The measures are designed to prevent Russia, one of the world’s largest agricultural producers, from dumping low-cost cereals on the European market, potentially causing market turmoil. The proposal aims to deprive Moscow of revenue from grain exports and prevent stolen Ukrainian grain from entering the EU. Despite the steep tariffs, European companies would still be able to buy, sell, and store Russian and Belarusian grain, although it would no longer be economically viable. Certain exemptions would apply, such as cereals transiting through the EU to reach other countries like those in Northern Africa.

The proposal was unveiled following a meeting of EU leaders in Brussels, where concerns were raised about Russian access to the European agricultural market and the unfair competition faced by Ukrainian exporters. The first shockwaves in the agriculture sector occurred when Russian troops blocked Ukraine’s traditional trade route towards low-income nations by blockading the Black Sea. As a response, the EU introduced “solidarity lanes” for Ukrainian goods, exempting them from tariffs and quotas, but this led to tensions with some member states complaining about the impact on local farmers.

While efforts have been made to address the agricultural dispute between the EU and Ukraine, a lasting solution has proven elusive. Member states recently reached a deal to extend the free-trade regime until 2025, with additional safeguards for certain food products. However, some member states requested more time to analyze the text, raising doubts about the process. The proposal to increase tariffs on Russian grain is seen as a way to safeguard the EU market from potential disruptions and prevent the exploitation of stolen Ukrainian grain by Russian exporters.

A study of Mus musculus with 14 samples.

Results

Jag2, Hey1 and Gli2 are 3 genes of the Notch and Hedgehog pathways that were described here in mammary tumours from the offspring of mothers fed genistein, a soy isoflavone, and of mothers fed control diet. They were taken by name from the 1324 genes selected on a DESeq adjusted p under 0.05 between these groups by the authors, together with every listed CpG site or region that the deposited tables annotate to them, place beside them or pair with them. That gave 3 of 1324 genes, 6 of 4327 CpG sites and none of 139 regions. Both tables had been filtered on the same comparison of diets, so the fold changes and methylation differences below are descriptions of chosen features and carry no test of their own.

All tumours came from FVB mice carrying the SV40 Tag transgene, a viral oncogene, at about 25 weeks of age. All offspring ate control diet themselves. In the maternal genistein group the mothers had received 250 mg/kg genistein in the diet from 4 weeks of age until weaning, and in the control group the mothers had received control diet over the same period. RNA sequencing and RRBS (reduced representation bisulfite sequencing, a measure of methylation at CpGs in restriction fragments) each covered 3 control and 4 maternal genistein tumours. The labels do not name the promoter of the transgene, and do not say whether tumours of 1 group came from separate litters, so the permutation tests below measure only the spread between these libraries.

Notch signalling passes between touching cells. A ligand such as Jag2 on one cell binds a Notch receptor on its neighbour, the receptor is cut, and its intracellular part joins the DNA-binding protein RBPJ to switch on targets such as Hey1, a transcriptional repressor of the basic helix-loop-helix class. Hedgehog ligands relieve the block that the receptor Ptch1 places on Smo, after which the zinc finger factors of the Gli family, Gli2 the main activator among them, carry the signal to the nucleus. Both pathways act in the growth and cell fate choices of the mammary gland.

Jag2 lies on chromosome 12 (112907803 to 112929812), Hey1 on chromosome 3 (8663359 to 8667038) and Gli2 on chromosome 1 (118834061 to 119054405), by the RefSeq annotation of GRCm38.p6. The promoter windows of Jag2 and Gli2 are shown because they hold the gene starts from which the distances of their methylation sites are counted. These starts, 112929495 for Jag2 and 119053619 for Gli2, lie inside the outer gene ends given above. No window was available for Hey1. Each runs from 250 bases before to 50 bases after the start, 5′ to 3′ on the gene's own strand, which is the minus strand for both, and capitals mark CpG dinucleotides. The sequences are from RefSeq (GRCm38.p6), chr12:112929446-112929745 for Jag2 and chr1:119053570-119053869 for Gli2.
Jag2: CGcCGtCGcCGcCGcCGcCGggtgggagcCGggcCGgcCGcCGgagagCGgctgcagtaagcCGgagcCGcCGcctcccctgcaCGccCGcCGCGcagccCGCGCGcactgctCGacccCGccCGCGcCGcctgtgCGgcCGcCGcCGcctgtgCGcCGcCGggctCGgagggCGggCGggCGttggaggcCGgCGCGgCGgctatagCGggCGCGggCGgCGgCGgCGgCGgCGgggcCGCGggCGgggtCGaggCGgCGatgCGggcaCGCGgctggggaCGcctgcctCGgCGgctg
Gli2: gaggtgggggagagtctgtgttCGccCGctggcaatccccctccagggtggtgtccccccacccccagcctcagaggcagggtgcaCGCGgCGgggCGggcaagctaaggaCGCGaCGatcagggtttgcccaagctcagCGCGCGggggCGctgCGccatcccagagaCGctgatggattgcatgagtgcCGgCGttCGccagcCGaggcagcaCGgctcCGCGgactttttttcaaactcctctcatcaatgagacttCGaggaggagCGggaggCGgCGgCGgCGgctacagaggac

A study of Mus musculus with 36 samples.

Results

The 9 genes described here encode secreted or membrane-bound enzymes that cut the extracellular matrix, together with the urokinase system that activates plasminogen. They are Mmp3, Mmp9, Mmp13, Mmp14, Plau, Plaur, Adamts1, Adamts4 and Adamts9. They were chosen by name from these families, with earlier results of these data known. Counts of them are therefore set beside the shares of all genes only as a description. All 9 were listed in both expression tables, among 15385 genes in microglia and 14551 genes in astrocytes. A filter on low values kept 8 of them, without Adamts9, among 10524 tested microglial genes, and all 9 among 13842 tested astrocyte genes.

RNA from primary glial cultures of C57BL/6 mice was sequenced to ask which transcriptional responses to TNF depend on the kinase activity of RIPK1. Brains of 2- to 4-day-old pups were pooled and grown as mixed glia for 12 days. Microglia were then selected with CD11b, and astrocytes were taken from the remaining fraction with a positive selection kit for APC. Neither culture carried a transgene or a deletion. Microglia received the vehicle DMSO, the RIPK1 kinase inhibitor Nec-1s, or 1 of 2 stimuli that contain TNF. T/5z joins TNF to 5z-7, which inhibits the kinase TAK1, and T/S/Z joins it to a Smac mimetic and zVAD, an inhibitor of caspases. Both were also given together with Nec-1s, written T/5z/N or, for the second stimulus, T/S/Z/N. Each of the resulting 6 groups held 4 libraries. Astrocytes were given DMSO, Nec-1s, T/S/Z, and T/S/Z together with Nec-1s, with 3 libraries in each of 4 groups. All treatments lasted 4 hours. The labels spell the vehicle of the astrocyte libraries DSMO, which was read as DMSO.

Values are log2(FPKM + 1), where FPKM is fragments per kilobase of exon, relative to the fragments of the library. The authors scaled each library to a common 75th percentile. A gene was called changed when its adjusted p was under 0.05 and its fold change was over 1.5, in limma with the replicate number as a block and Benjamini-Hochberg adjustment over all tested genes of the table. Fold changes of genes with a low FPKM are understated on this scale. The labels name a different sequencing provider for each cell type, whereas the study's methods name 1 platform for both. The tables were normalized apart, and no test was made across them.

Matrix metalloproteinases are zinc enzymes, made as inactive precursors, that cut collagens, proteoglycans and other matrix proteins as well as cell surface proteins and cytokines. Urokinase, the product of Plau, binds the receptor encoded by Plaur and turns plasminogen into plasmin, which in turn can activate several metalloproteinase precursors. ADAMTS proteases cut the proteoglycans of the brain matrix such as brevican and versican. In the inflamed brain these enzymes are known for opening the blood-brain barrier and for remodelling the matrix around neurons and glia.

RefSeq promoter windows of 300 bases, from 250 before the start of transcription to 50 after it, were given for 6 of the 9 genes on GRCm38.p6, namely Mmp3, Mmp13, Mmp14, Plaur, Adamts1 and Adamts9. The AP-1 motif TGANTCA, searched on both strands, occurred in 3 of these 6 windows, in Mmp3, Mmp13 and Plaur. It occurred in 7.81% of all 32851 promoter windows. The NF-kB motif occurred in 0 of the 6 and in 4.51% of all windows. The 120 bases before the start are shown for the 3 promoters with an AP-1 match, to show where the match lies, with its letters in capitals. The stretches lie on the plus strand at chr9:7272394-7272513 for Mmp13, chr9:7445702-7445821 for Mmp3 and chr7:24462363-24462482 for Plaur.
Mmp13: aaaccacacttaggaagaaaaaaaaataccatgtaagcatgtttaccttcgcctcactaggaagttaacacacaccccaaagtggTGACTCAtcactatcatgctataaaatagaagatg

During the EU leaders’ summit, calls were made for a complete ban on Russian grain, which would have required the imposition of sanctions. The proposal for increased tariffs aims to protect the EU market from destabilization, prevent Russia from using revenues from grain exports, and stop the entry of illegally obtained Ukrainian grain. Despite the small share of Russian and Belarusian grain in EU imports, the Commission believes that Russia has the capacity to cause disruptions if needed. The proposal must be approved by member states, and concerns remain about the ongoing agricultural dispute between the EU and Ukraine.